Celery Plants Can Be a Cinch

Growing celery plants requires sustained attention through winter, spring, and summer, but the results are worth it.

| March/April 1983

While many gardeners boast of their zucchini yields or brag about the size of their prize tomatoes, it's rare that a green-thumber will even mention another staple of the vegetable plate: celery. Most people, it seems, are so intimidated by its reputation as a "fussy" crop that they prefer to harvest celery plants from the supermarket. And, all too often, the enterprising folks who do attempt to cultivate these crisp stalks find that their labors result in a limp, discolored, and not quite right-tasting product.

In fact, my first try at celery culture was, to be honest, pretty disappointing. But I've since discovered that this succulent salad mainstay is downright easy to grow as long as it's properly fed and watered. Moreover, because celery is such a nutritious food (it's rich in phosphorus, potassium, magnesium, and calcium, and a good source of roughage), it's a valuable addition to your garden plot.

Around my home (in British Columbia), the preparations for a quality celery crop begin in late February, when I start my plants indoors. Otis S. Twilley Seed Company, Inc. markets a variety of seed called Utah 52-70, which is well suited to the growing conditions in my area and highly resistant to disease. The stalks of this plant have a pleasing, nutty flavor, too. Whatever variety you choose, though, be sure to obtain fresh seed each spring, as older seed is often unreliable.

Using a shallow flowerpot filled with a porous mixture of equal amounts of vermiculite and potting soil, I sow the seeds sparsely (spacing them at least an inch apart), gently press them into the soil, and cover them with a 1/8-inch layer of vermiculite. Next, I add water to the pot's "dish" reservoir allowing the moisture to soak into the soil from below and cover the container with plastic wrap. Then I set the miniature greenhouse in a spot that'll remain at approximately 70°F.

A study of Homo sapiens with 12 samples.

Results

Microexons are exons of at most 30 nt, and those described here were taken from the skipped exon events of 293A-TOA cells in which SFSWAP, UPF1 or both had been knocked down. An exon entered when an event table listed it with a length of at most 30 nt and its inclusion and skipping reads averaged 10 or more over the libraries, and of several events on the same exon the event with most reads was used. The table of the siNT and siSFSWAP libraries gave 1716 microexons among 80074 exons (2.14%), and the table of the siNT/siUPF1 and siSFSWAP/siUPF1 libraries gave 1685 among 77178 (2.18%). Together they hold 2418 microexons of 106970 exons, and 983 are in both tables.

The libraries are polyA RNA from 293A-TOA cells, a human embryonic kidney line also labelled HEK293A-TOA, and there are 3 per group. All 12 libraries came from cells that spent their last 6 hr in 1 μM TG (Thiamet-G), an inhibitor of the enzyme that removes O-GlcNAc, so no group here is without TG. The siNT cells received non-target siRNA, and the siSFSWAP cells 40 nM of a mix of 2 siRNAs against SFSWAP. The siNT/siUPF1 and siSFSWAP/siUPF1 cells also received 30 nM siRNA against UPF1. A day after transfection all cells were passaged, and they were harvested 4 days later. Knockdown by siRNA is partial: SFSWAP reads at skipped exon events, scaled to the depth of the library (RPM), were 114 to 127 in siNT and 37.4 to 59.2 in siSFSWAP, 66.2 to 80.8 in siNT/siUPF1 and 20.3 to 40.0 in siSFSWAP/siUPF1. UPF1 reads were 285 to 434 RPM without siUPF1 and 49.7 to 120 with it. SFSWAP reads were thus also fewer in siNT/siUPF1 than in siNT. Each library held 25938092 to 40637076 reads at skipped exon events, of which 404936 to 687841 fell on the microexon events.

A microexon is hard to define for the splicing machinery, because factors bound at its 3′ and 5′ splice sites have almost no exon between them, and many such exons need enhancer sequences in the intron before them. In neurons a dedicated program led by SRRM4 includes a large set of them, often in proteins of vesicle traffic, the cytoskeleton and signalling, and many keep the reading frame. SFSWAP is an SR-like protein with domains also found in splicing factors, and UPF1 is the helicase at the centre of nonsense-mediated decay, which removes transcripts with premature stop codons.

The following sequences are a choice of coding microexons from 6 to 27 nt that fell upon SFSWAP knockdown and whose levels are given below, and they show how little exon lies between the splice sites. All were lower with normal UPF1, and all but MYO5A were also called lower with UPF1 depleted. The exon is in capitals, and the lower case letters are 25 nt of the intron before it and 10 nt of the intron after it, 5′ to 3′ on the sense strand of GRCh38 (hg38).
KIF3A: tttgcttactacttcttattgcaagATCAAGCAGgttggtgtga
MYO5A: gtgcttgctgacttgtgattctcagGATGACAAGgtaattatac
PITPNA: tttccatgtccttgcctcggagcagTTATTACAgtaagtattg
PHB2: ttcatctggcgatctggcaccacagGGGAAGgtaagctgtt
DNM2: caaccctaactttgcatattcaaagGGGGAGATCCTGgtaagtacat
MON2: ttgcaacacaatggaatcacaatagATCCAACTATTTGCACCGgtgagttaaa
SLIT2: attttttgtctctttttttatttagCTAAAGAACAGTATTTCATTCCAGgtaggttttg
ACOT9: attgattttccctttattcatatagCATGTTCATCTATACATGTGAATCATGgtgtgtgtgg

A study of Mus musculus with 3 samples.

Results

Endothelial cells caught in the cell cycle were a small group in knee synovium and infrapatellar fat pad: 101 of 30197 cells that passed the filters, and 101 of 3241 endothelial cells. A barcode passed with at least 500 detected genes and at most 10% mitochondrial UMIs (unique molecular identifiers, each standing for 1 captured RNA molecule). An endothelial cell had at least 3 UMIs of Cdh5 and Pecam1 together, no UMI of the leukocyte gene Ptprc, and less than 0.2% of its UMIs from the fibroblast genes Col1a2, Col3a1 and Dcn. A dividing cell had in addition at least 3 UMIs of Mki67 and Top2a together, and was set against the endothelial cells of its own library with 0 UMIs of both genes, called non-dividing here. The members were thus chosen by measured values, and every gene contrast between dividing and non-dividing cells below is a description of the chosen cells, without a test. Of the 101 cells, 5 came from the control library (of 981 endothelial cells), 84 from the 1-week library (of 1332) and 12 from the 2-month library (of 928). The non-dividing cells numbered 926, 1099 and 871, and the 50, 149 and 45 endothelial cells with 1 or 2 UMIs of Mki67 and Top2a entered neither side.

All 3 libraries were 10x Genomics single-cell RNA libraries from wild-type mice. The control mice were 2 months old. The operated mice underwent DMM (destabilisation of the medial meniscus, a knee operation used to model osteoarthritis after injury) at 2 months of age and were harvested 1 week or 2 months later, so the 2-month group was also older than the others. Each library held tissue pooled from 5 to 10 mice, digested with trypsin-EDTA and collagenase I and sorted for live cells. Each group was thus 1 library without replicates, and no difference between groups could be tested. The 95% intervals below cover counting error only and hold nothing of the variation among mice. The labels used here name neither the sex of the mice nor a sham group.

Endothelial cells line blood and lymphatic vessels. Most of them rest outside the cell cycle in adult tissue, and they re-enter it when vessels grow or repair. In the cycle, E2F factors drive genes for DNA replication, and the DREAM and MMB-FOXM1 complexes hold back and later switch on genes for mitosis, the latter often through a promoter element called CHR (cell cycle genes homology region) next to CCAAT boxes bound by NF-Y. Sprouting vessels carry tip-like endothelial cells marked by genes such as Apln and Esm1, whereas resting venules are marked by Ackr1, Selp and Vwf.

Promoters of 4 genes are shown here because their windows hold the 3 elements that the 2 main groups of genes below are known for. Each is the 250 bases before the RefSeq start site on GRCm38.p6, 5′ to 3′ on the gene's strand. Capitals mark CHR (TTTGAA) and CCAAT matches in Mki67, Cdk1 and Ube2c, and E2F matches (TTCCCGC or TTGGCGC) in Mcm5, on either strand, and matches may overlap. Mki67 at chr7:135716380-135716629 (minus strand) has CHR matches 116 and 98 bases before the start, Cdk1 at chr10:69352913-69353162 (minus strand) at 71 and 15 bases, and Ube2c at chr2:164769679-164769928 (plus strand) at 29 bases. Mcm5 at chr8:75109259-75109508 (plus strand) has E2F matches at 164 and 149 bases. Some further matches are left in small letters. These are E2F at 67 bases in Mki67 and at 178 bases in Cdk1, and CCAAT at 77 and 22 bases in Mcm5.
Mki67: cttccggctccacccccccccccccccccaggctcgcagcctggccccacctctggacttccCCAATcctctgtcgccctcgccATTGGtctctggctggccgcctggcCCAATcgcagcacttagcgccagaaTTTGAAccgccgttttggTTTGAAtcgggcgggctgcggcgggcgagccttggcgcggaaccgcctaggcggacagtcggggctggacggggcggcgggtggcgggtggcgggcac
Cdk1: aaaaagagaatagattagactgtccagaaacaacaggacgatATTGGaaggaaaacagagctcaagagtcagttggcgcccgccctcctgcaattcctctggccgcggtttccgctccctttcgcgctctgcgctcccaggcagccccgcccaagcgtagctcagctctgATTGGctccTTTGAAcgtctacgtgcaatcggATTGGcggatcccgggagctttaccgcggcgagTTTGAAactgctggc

Celery is slow to germinate; it takes about three weeks for the shoots to begin peeking through the soil. At that signal, I remove the plastic and set the planter on a sunny windowsill where the seedlings will be well ventilated and can enjoy an even temperature of 60°F or thereabouts. I've found that a combination of good drainage, plenty of moisture, and cool temperatures will insure a healthy crop. However, it is important to keep the delicate young sprouts from "catching cold," as they'll go to seed if left exposed to temperatures below 50°F.

When the plants are about a month old and close to 3 inches tall, they're ready to move to a small flat in which they're spaced on 3-inch centers. Once the celery plants start to shoot up in earnest, they're transferred again, this time to a cold frame where they'll remain until the nights are no colder than 55°F. In the meantime, I prepare the garden for the seedlings.

7/29/2013 7:06:47 AM

this is so helpful, thnx bt I think tar paper is most likely toxic; smells fumy.